02 July 2012

General Armistead: Tribute Before Tomorrow

Remember this post?

I never wrote the biography/tribute I intended to.

No one has yet.

Walked away from West Point. Promoted for bravery in battle. Ruthless. Shy. Fearless. Undisciplined. Loyal. Tormented. Admired. Lonely.

There is a 60-page pamphlet on General Armistead. 60 pages. A pamphlet.

I contacted the author and told him I wanted to edit the full-length book when it's written. The general's story needs to be told.

(This was Richard Jordan's last role; and he gave it everything he had. It gained him—and Armistead—immortality in my mind at least.)

General Lewis Addison Armistead, descendant of American war heroes, will play a major role in Gettysburg's proceedings the Third Day. But you cannot understand the significance of his role without seeing this first:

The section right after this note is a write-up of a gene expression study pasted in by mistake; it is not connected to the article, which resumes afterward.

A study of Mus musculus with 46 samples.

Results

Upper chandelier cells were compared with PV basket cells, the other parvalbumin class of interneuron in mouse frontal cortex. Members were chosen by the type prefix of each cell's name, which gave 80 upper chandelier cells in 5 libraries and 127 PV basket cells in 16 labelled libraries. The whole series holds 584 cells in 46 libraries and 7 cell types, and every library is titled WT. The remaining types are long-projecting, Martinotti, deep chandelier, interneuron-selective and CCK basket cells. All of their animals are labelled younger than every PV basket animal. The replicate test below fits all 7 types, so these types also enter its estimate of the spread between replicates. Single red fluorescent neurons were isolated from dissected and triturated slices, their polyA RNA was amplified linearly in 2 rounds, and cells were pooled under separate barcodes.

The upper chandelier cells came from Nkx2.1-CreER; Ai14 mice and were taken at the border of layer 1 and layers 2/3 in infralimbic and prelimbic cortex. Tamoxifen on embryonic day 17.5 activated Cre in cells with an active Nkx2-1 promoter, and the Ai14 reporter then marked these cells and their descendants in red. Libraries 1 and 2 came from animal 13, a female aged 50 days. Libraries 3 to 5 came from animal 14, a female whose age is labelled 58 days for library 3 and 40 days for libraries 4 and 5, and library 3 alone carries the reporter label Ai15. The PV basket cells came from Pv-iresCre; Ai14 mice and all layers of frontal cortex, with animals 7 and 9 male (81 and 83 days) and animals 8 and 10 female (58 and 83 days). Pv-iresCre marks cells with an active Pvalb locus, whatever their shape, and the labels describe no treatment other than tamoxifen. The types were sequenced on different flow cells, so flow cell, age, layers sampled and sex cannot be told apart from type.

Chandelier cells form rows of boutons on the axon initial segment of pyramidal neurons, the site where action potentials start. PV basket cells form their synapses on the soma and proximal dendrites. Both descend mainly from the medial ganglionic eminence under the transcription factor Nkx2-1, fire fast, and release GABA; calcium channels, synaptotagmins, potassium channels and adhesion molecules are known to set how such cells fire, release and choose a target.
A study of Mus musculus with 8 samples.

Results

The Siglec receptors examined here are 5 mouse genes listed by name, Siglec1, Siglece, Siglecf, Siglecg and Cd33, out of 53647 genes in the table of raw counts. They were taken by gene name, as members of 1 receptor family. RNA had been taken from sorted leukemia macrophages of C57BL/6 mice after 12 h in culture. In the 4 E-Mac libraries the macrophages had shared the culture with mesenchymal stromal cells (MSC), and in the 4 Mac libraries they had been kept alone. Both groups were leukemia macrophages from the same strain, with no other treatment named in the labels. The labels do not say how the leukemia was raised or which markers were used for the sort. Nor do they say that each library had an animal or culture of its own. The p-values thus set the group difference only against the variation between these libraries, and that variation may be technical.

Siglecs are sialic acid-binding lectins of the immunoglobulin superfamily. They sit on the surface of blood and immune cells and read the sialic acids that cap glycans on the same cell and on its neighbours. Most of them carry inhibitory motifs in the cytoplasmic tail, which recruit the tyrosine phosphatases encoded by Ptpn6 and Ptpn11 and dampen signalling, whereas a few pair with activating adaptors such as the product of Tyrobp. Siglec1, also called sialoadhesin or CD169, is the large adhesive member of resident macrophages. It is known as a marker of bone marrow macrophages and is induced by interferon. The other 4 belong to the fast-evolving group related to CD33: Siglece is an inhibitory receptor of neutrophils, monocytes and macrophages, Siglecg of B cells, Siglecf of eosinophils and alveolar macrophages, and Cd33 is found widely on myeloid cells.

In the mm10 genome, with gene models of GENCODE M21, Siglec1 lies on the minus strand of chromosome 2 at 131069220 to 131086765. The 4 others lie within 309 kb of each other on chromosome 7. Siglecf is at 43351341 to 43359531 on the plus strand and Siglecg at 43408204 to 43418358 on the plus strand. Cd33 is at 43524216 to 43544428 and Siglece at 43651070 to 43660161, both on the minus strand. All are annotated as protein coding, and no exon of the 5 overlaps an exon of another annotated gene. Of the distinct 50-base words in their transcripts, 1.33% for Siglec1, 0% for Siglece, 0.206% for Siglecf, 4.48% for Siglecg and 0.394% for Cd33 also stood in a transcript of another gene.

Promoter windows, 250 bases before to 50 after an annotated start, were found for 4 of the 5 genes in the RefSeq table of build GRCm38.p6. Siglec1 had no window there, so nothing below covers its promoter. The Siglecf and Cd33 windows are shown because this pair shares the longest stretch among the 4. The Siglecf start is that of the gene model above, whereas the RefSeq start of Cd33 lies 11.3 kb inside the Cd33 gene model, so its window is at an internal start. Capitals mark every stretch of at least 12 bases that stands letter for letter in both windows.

Poignant. The general's torment is not his own but also that of every brother who fought against a brother, friend against a friend, mentor against student, boy against hero, son against father, in this gruesome war.

Did Michael Shaara and the makers of Gettysburg romanticize him? Yes; I've read the pamphlet. His life wasn't a blaze of glory, his actions not always worthy of esteem. But I think the storymakers got at his essence too; and, in some sense, at the essence of many men behind the war.

Check in tomorrow for the ending to his story.

If you have not seen this film yet, I'm sorry. Rent it. (Sorry, I can't lend it; my copy does not leave my possession.) It might take a couple days to watch. But it is worth your time. Music, cinematography, action, blood, acting, and story...it has it all. And it brings a whole new significance to the 4th of July, the meaning of independence and the heritage of the United States citizen.